In the third installment of our outlook on how COVID-19 will impact the advertising industry, we analyze potential scenarios for the television advertising industry. Each advertising format will be affected differently and it is important to understand the historical relationships between each format and broader economic conditions in order to assess potential recovery scenarios.

In this article, L.E.K. Consulting analyzes future scenarios for TV advertising, including looking at its historical relationship with U.S. GDP, and forecasts potential growth trajectories — ultimately drawing out strategic implications for the format.

US television advertising spend closely tracks GDP growth

Growth in U.S. GDP and television advertising spend has been correlated for the last 40 years (R2 = 0.50), though less correlated than other advertising formats.

While U.S. GDP contracted at a seasonally adjusted annual rate of 4.8% in Q1 2020, the biggest drop since Q4 2008, TV is likely more insulated, given the commitments advertisers made during last season’s upfronts. In fact, many advertisers need to give advanced notice before opting out of committed TV advertisements.

Furthermore, TV may gain from the deluge of political advertisements that will accompany the 2020 U.S. elections. And while the Olympics moving from 2020 to 2021 will hurt advertising spend in 2020, it will provide some additional support to a potential rebound next year.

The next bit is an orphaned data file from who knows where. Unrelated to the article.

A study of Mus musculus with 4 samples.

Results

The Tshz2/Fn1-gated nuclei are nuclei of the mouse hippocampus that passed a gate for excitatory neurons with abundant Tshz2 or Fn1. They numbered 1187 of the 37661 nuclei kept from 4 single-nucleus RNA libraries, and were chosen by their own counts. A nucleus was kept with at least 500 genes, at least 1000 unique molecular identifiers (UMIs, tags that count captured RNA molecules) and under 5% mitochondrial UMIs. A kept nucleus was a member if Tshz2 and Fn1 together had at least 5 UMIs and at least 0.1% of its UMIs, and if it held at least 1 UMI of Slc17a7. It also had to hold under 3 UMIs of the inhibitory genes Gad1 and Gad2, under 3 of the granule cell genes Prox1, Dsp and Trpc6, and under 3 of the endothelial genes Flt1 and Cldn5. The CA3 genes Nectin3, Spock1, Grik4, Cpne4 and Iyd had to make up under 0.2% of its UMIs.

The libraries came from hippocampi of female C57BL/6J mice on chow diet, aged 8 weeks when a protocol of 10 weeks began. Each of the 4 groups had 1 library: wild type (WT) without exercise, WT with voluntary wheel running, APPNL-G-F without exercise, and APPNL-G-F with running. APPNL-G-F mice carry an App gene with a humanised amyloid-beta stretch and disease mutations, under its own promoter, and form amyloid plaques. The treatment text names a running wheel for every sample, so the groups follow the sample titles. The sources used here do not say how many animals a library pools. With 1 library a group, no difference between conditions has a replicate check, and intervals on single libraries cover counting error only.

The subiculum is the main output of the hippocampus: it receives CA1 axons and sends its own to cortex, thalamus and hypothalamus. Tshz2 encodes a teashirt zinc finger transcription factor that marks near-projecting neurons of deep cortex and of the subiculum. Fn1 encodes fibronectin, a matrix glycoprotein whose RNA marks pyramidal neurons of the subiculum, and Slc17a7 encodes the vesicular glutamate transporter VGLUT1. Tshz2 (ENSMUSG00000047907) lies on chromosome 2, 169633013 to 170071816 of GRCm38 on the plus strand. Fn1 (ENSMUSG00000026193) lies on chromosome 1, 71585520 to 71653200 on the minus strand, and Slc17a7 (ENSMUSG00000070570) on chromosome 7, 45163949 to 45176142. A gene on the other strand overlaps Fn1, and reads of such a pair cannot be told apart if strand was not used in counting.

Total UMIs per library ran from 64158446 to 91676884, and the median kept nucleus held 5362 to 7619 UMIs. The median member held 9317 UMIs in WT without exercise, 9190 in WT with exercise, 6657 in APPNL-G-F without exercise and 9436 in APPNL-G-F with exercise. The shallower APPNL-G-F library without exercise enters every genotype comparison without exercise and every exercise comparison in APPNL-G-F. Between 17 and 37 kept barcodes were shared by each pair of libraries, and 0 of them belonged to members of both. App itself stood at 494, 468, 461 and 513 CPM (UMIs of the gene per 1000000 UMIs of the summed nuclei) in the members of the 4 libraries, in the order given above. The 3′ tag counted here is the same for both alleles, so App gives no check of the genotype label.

Figure 1
US television advertising spend growth vs. nominal GDP growth (1980-2015)

If GDP forecasts and past relationships between GDP/advertising hold, television ad spend is unlikely to reach 2019 levels by 2021

In the most optimistic scenario, TV ad spend is projected to decline 7.7% in 2020, then recover and grow 7.5% in 2021 for an overall CAGR of -0.4% from 2019-21.

Under the U-shaped recovery, ad spend is projected to decline 2.3% p.a. 2019-21.

However, things could be much worse: The W-shaped and L-shaped recoveries project overall declines of 4.0% and 8.2% p.a. 2019-21, respectively.

Given the variability of the projections, what strategic considerations should advertisers keep in mind?

Figure 2
Television advertising spend nominal forecast, based off GDP only (2017-21F)

Key takeaways and strategic considerations

Live TV viewership is in secular decline — Television advertising has been challenged by the rise of digital video platforms and cord cutters/cord-nevers. As such, spend is beginning to follow eyeballs to digital video and ad-based video on demand (AVOD) platforms as these new services scale.

Lack of live sports and primetime programming delays — Live sports represents a significant amount of high-priced inventory for broadcasters. Shortened seasons and abbreviated schedules will hurt sports ad revenues, significantly impacting overall TV ad spend. New programming will also be delayed or canceled by COVID-19, impacting non-sports primetime programming as well.

Cyclical events — High spend on cyclical events such as the 2020 presidential election, 2021 Summer Olympics and 2022 Winter Olympics will help stabilize and buoy TV ad spend.

US Radio Ad Outlook: COVID-19 Implications
ad outlook radio
In the fourth installment of our outlook on how COVID-19 will impact the advertising industry, we analyze potential scenarios for the radio advertising industry.